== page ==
How To Decide Whether To Stay At Home Or Go Abroad For Grad School

August, 2010 · By Justin Bengry

You might not have gone far from home for your undergraduate studies. Perhaps you only went as far as the nearest major city.

Or, like me, just to your local hometown university.

Is a degree abroad with experts in the field worth the added expense and challenges? Sometimes it is.

But for grad school, it’s almost inevitable that you will have to consider universities away from home. But what if away from home is also away from your home country?

After completing undergraduate studies at home in Alberta, I applied to study abroad for both my master’s and my PhD. A number of factors influenced my decision to remain in Canada for my master’s, but go away to California for my PhD.

Moving to another country for grad school is an enormous change and commitment. How do you decide whether to stay at home or go abroad?

Program of study

Finding the right program, or even just a school that offers your program, can take you to places you never imagined you’d live. The program might only be offered at some institutions, and those universities might be a province away, or even a country away.

Sometimes you have to weigh the strength of a program, and prestige of professors there, in your decision. Is a degree abroad with experts in the field worth the added expense and challenges? Sometimes it is.

I could have completed degrees in history anywhere, but for my doctorate I wanted to work with a world leader in my field. She was based in Santa Barbara, California, so I learned more about the program there and ultimately ended up working with her for five years.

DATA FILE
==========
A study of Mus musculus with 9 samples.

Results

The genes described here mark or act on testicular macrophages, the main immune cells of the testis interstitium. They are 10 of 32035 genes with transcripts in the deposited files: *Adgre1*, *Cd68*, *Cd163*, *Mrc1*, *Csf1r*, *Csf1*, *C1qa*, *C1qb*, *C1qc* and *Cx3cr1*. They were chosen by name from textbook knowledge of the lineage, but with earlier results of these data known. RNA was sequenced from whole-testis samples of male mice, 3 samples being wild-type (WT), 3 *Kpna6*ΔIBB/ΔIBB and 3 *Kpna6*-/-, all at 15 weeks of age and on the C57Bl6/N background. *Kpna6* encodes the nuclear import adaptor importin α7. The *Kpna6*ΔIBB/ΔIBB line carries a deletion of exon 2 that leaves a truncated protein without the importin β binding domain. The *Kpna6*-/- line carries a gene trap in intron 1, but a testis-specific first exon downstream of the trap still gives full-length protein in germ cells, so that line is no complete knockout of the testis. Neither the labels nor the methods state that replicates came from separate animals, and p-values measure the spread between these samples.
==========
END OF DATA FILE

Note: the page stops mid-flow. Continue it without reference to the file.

Cost of living

Many countries have very different costs of living than Canada. Sometimes this can be advantageous to Canadians studying abroad, and other times, it can create a more costly situation, making it impossible to study there. Despite being accepted to leading U.K. universities, I was unable to attend because of the prohibitively high cost of living, even after securing funds to cover tuition and fees.

But the cost of living isn’t always consistent. Different cities and regions of countries have widely varying costs of living. I couldn’t afford to study in London, but might have been able to afford other, less expensive cities. And when I went on to do my PhD in Santa Barbara, the cost of rent was astronomical compared to what a friend paid who completed her PhD in North Carolina.

Tuition and fees

It is important to know that tuition and fees are set at different levels for domestic and foreign students. These costs can be as much as double or more for foreign students wanting to study abroad. These extra costs influence the decision to study abroad. But so too can differing funding structures in other countries.

When I applied to study the U.K., I was offered almost no financial support, scholarships, or funding. But when I applied to PhD programs in the United States, my acceptance to the university came with a multi-year funding package that covered my tuition and fees, health care (critical to have when studying abroad!), as well as wages as a teaching assistant. This funding and work package was the deciding factor in being able to complete my education in the U.S.

Going abroad for graduate school could be a great decision, especially if it is made with adequate planning and careful preparation. Never be afraid to contact departments and professors, wherever they are, to ask about the program, the people, and the policies of your potential university.

This post was originally published at TalentEgg on 17 August 2010.